Migraine has been an unwelcome part of Jennifer (Jennie) Latson’s life for more than 25 years. On average, she has 10-12 migraine attacks per month. They can cause her horrible pain, severe nausea and vomiting, and often keep her bedridden for several days at a time. Her attacks started when she was 12 years old.
Despite her challenges with migraine, Jennie was an overachieving teenager who was optimistic of a future filled with unlimited opportunities.
“As a teen, I believed there was nothing I couldn’t accomplish in my life,” says Jennie. “I didn’t know what was causing my pain. My parents thought I was unusually susceptible to the flu. They hoped it was a condition I would eventually outgrow. I shared the same hope.”
A physical and emotional toll
Jennie’s hope was short-lived. The condition she assumed she would outgrow followed her to college. It was during her freshman year at Yale that she finally got an official diagnosis of her condition: Jennie was suffering from migraine. The news was devastating emotionally.
“When I received the diagnosis of migraine, I knew it was a condition I couldn’t outgrow,” says Jennie. “I realized then that the effects of migraine would limit my career choices and take away many of the opportunities I was hoping to have in my life.”
Resilient fight to gain relief
As she has done throughout her battle with migraine, Jennie powered through the pain and ultimately began a career as a journalist. In her brave efforts to limit migraine’s disruption to her life and career, she has learned many valuable coping skills.
“I’ve learned how to push through pain when I have to and make adjustments,” says Jennie. “When I was working as a newspaper reporter, I got my work done well ahead of deadlines, so I wasn’t derailed by a migraine at the last minute. I also learned to be kinder to myself and ask for help.”
Her fight has also included a tireless quest to find a treatment that will relieve her agonizing migraine pain. She tried more than a dozen existing medications for preventive and acute treatment of migraine and participated in several clinical trials for new treatments.
“Life changing” clinical trial
Jennie’s battle with migraine took a positive turn in August 2018. A regular follower of the National Institutes of Health’s listing of clinical trials, she learned about a new trial evaluating rimegepant, the investigational, calcitonin gene-related peptide (CGRP) receptor antagonist for the acute treatment of migraine, developed by Biohaven Pharmaceuticals. Treatment with a CGRP receptor antagonist is believed to relieve migraine by blocking neurogenic inflammation, decreasing artery dilation, and inhibiting pain transmission.
Having been disappointed by her earlier clinical trial experiences, Jennie enrolled in the rimegepant study with low expectations. Soon, however, her understandable skepticism would turn into renewed hope for an improved quality of life.
“My experience with rimegepant was different,” says Jennie. “For the first time, a drug seemed to provide the relief that would improve my everyday life.”
Watershed FDA approval in migraine treatment
In February 2020, rimegepant was approved by the U.S. Food and Drug Administration (FDA) under the brand name of NURTEC™ ODT for the acute treatment of migraine in adults. Delivered in a single quick-dissolving tablet, NURTEC ODT disperses almost instantly in a person’s mouth without the need for water, offering people with migraine a convenient, discreet way to take their medication anytime and anywhere they need it. Available by prescription, NURTEC ODT may provide long-sought relief to millions of migraine sufferers like Jennie.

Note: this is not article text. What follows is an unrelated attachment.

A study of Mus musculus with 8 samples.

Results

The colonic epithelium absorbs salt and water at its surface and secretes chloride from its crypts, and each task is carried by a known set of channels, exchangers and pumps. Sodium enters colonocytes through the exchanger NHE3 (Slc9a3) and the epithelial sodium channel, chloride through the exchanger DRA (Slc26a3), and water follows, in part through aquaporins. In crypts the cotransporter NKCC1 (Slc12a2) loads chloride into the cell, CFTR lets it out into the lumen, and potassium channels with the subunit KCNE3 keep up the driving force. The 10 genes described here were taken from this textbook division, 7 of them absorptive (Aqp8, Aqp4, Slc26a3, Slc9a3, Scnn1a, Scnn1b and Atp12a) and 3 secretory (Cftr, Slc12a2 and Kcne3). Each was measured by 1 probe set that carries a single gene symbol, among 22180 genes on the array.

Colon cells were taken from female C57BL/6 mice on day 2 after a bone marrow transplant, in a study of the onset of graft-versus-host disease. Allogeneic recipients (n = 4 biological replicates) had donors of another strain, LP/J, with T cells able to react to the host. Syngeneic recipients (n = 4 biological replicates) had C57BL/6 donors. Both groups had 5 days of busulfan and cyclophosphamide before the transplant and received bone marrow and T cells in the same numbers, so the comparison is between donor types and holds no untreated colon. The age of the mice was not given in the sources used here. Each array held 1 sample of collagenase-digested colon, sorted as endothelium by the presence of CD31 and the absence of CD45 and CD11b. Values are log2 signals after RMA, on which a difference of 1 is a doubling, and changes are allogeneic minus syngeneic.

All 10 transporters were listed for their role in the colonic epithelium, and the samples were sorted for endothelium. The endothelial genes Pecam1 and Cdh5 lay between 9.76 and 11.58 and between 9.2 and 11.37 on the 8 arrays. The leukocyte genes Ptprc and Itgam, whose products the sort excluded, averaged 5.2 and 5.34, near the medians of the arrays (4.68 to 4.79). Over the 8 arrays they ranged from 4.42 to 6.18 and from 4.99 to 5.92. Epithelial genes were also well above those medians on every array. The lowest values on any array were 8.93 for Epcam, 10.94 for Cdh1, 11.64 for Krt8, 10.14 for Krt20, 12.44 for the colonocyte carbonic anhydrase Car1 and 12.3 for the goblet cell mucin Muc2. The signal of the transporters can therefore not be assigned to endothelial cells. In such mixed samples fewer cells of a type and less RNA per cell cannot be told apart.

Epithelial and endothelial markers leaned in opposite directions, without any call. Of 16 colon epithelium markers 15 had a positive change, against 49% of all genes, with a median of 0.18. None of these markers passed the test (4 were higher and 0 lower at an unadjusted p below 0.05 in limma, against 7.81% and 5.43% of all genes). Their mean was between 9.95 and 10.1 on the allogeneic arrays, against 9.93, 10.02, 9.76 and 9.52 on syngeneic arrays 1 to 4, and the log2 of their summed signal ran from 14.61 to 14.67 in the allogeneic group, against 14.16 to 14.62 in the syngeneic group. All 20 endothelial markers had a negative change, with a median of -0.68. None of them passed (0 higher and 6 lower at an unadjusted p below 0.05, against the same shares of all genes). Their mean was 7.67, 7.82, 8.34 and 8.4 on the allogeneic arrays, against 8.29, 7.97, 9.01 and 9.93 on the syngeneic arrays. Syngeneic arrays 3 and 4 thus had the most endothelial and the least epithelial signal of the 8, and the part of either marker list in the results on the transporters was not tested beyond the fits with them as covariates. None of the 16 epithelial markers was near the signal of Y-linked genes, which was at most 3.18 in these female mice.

“While I know everyone doesn’t get the same result, rimegepant has enabled me to regain control of my life,” says Jennie, now 39, and the editor of Rice Business magazine, Rice University’s Jones Graduate School of Business’s alumni publication and a freelance writer for Psychology Today. “I no longer have to worry about burning through sick days or worrying about losing my job. I can go on vacations without the fear of ending up sick in bed from a migraine.”
“I hope my story inspires other people with migraine to never give up hope in finding the treatment that improves their lives,” adds Jennie.
What is NURTECTM ODT (rimegepant)?
NURTEC ODT orally disintegrating tablets is a prescription medicine for the acute treatment of migraine for attacks with or without aura in adults. NURTEC ODT is not used as a preventive treatment of migraine. It is not known if NURTEC ODT is safe and effective in children.
IMPORTANT SAFETY INFORMATION
Do not take Nurtec ODT if you are allergic to Nurtec ODT (rimegepant) or any of its ingredients.
Before you take Nurtec ODT, tell your healthcare provider (HCP) about all your medical conditions, including if you:
have liver problems,have kidney problems,are pregnant or plan to become pregnant,are breastfeeding or plan to breastfeed.
Tell your HCP about all the medicines you take, including prescription and over-the-counter medicines, vitamins, and herbal supplements.
Nurtec ODT may cause serious side effects including allergic reactions, including trouble breathing and rash. This can happen days after you take Nurtec ODT. Call your HCP or get emergency help right away if you have swelling of the face, mouth, tongue, or throat or trouble breathing. This occurred in less than 1% of patients treated with Nurtec ODT.
The most common side effect of Nurtec ODT was nausea (2% of patients). This is not the only possible side effect of Nurtec ODT. Tell your HCP if you have any side effects. NURTEC is a trademark of Biohaven Pharmaceutical Holding Company Ltd.
You are encouraged to report side effects of prescription drugs to the FDA. Visit www.fda.gov/medwatch or call 1-800-FDA-1088 or report side effects to Biohaven at 1-833-4Nurtec.
Please see accompanying full Prescribing Information and Patient Information located at www.nurtec.com.